California Gov. Gavin Newsom (D) has signed off on legislation banning schools in the state from suspending students for disruptive behavior.
Senate Bill 419, signed into law by Newsom on Monday, will amend the California Education Code to prohibit public and charter schools in the state from suspending students in grades 4-8 for "disrupting school activities or otherwise willfully defying the valid authority of those school personnel engaged in the performance of their duties."
Existing law already prohibited schools from suspending or recommending expulsion for students enrolled in kindergarten or in grades 1-3 for such actions.
The legislation is slated to take effect at the start of July 2020 and will prohibit the suspension of students in grades 6-8 , specifically, for such acts until July 1, 2025.
State Sen. Nancy Skinner (D), who wrote the bill, said in a statement earlier this year that she hopes the measure "will keep kids in school where they belong and where teachers and counselors can help them thrive."
She told a local CBS station in a statement this week that "ending willful defiance suspensions may be one of the best ways to disrupt the school-to-prison pipeline."
The Alliance for Boys and Men of Color echoed similar remarks in a statement obtained by the station, in which it said SB 419 "would eliminate disruption/defiance as grounds for suspensions for all grade levels and keep more students in schools."
"Because it is so subjective, suspensions based on Section 48900(k) raise serious concerns about their disproportionate impact on students of color and other vulnerable student groups- including students with disabilities and/or those who are lesbian, gay, bisexual, transgender (LGBT), and/or gender non-conforming," the organization said.
The group added that research "confirms that there is even greater disproportionality for students in these groups suspended for low level, subjective offenses, like defiance/disruption, compared to higher level, more objective offenses."
"SB 419 and the elimination of suspension for disruption/defiance will result in an overall reduction in suspensions and an increase in positive outcomes for students and the communities in which they live," it said.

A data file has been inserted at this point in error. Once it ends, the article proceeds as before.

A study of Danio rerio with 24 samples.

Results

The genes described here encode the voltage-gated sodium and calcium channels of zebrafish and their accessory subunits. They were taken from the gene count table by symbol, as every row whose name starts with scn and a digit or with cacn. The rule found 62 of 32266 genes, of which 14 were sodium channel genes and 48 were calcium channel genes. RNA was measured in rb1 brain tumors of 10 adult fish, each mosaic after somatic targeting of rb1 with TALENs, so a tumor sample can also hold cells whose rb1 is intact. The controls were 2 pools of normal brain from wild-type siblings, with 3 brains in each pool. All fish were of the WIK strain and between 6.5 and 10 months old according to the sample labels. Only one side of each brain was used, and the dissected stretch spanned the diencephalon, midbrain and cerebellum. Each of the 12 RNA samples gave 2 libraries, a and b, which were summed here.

The move has been met with opposition from the Charter School Development Center, based in Sacramento, which told the station that "Charter schools were created to be public schools exempt from most sections of the California Education Code. Imposing unnecessary restrictions on these schools of choice is counterintuitive to the original intent of the legislature."
"Charter law requires each school's petition to address issues of expulsion and this law would effectively overwrite the language of 1,300 charter petitions causing significant disruption at the local level. Further, this bill is based on no credible evidence of an expulsion problem in California charter schools," the group added. "To the contrary, charter schools often serve as a school of last resort of students who have been expelled from traditional schools and these pupils thrive in a charter school environment."
According to a 2018 report from the U.S. Government Accountability Office, black students, boys, and students with disabilities were found to have been disproportionately disciplined from kindergarten to grades 1-12 in public schools.
The office said that the study, which analyzed data from Department of Education for the 2013-14 school year, showed that "disparities were widespread and persisted regardless of the type of disciplinary action, level of school poverty, or type of public school attended."
In an analysis of SB 419, the California state Senate also pointed to a recent study that found that found students lost over 150,000 days of school due to such suspensions in the 2016-17 school year.